Embarrassment of riches for Mourinho

CHRIS LAKEY A Champions League match in Portugal next week might, under normal circumstances, have a major bearing on team selection for an FA Cup tie tomorrow.But Chelsea don't operate under normal circumstances and when Jose Mourinho sits down and writes 11 names on a team sheet tomorrow lunch-time there will be no accusations of a "weakened" team.

CHRIS LAKEY

A Champions League match in Portugal next week might, under normal circumstances, have a major bearing on team selection for an FA Cup tie tomorrow.

But Chelsea don't operate under normal circumstances and when Jose Mourinho sits down and writes 11 names on a team sheet tomorrow lunch-time there will be no accusations of a "weakened" team.

The two Coles - Ashley and Joe - won't play because of injury, but after that it's a guessing game, such are the riches at Mourinho's disposal.



They are questions only "The Chosen One" can answer but, frankly, if he stuck a pin in the piece of paper with all his players' names on it, he'd come up with a decent line-up - even if he played Terry in goal. Again.


Cech or Cudicini? Close you eyes and take your pick.

Then it gets even harder - in John Terry's absence Mourinho bemoaned Chelsea's defensive frailties, but the England skipper is back, or at least on his way back, and a run-out against Norwich might be just the type of outing he needs before facing Porto. Norwich can't be underestimated, but Mourinho will look at the bare facts - that he won't expect Terry to be pulled left right and centre by the likes of Chris Brown and Darren Huckerby. Ergo, he plays.

Alongside him you're looking at the likes of Wayne Bridge, deputising at left back for Cole and probably playing as well as he has done since he joined Chelsea. Then there's Ricardo Carvalho or Michael Essien or Paulo Ferreira.

Geremi at right back, or Ferreira? The options are there, even if Mourinho hasn't quite got the squad numbers of some of his rivals in the Premiership. But the fact that Essien can play in two or three different roles, and play in them well, suggests Mourinho spots his players well.

Should Geremi take the right back slot, it could be Mr Huckerby he comes face to face with, although the City man would probably relish cutting inside and putting Ferreira's comparatively naive skills to the test. Naïve in Chelsea terms, that is, not Norwich's.

Lee Croft is set to be wide right, in whatever formation City boss Peter Grant chooses, and if he can get any change out of Bridge he will have done well. The former Southampton man is pressing for an England recall and being skinned by a Championship player won't be on his agenda.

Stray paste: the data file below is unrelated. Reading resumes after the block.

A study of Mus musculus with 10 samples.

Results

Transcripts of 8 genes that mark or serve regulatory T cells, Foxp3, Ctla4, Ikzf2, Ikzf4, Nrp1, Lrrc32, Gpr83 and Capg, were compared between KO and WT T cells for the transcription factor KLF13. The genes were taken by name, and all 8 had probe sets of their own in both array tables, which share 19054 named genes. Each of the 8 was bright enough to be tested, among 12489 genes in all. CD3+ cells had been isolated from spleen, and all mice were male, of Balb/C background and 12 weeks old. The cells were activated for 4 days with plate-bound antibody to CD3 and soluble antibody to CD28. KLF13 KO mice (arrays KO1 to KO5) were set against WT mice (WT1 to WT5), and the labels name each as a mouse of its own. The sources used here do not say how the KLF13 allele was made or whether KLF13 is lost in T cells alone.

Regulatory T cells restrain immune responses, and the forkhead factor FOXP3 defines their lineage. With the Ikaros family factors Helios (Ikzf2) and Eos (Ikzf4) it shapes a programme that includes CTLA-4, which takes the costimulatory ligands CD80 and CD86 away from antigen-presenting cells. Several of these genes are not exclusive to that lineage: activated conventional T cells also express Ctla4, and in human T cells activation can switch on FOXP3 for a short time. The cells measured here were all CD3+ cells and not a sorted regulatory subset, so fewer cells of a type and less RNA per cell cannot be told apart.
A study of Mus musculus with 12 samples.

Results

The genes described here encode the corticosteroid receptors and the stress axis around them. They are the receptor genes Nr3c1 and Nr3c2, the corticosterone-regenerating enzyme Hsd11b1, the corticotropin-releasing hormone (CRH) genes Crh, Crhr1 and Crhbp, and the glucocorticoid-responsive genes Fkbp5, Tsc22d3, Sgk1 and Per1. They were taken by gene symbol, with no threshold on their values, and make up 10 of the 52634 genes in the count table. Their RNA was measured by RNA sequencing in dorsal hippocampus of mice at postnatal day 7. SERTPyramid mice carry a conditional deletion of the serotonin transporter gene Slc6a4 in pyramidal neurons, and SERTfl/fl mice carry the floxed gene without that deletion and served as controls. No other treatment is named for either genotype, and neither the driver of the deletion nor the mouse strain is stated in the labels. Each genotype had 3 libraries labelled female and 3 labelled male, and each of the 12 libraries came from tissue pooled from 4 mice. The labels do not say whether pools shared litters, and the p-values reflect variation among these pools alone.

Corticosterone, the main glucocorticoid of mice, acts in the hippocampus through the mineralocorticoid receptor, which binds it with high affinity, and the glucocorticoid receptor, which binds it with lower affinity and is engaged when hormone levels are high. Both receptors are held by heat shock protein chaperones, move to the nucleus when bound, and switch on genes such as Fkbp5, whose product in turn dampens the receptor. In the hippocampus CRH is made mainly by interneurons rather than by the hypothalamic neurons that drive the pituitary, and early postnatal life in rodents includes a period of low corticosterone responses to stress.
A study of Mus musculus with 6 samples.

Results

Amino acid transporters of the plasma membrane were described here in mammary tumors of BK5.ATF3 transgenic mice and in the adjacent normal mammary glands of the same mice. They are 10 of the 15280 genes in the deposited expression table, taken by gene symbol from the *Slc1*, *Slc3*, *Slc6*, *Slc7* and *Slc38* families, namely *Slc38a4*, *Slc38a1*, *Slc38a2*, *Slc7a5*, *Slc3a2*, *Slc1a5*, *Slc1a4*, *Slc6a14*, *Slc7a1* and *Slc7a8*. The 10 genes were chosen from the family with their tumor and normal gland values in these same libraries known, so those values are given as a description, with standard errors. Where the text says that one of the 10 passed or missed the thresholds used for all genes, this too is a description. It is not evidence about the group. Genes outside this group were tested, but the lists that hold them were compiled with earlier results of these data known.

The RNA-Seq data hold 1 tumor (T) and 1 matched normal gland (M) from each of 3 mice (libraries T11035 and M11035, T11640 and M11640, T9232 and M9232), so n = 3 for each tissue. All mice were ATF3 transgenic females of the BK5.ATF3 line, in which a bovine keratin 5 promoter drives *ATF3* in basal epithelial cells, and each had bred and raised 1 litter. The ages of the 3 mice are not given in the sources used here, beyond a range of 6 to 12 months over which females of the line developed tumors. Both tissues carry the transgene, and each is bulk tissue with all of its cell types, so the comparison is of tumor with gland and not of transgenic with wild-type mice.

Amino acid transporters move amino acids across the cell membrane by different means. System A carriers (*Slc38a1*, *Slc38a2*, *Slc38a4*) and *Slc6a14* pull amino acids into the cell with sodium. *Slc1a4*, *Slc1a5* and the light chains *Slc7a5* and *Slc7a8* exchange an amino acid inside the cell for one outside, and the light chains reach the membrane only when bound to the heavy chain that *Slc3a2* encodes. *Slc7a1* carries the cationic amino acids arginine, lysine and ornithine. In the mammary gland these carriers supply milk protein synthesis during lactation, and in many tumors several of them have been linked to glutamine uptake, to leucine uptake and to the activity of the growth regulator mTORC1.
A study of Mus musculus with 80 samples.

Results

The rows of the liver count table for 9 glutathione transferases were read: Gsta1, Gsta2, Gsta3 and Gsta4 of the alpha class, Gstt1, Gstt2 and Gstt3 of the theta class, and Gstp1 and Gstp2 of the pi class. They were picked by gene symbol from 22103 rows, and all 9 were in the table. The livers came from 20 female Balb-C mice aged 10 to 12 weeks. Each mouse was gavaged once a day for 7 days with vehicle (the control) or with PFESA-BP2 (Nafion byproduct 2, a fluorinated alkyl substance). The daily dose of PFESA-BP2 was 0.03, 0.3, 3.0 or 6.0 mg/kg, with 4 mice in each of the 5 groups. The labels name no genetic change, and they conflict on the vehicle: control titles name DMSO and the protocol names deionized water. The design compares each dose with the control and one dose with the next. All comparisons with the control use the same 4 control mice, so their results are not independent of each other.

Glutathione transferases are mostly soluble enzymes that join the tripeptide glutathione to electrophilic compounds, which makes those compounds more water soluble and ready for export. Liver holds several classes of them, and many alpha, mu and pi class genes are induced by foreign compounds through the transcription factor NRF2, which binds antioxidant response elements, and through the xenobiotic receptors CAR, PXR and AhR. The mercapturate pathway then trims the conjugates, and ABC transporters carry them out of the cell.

It's midfield which looks the most frightening part of Chelsea's team, if only because they have in Frank Lampard a player who has scored 10 Premiership goals this season - only seven fewer than Drogba. Give the England man any freedom within 30 yards of David Marshall's goal and you're asking for trouble.

John Obi Mikel is a candidate to sit alongside him, with Essien likely to be selected in midfield. Michael Ballack is recovering from a thigh strain and, although he hasn't pulled up many trees since his much-publicised move from Bayern Munich, his absence can be counted as a blessing.

Wide right will be Shaun Wright-Phillips, who will need a confidence-boosting display after his recent non-showing for England against Spain. What better way than to try and torment Adam Drury down the Chelsea right? Drury won't match SWP for pace - probably only Huckerby could live with him - but the City skipper has accumulated enough nous in more than a decade as a pro to know the England man's faults: he relies on speed, speed and more speed, but doesn't always match that with the necessary care and control of the football.

Lampard and Obi Mikel don't do speed in the same way: it's more the eye for the pass, the time to create it and the willingness and confidence to execute it. Which is why Youssef Safri, Mark Fotheringham and Dickson Etuhu really will have to be at the top of their game. A moment's lapse and it could be curtains.

Finally, the front line. Drogba and Andrei Shevchenko. Possibly - but hopefully not. Drogba's record speaks for itself, but in case you didn't know, he's scored 17 times in 25 league starts (and has one in one FA Cup start), which makes him the Premiership's top scorer.

Alongside him is likely to be Shevchenko, labelled a misfit by many but scorer of three goals in his last five games. Take a closer look and you'll see those three came in two knockout games. In fact, it's three in 18 league starts, but six in 10 knockout competition games.

If it is Drogba and Shevchenko, then Dion Dublin and Jason Shackell will earn every single penny of their salaries tomorrow afternoon. Dublin has seen all this before, of course, while Shackell is still, to some extent, learning his trade. And nowhere in England will he get a better lesson.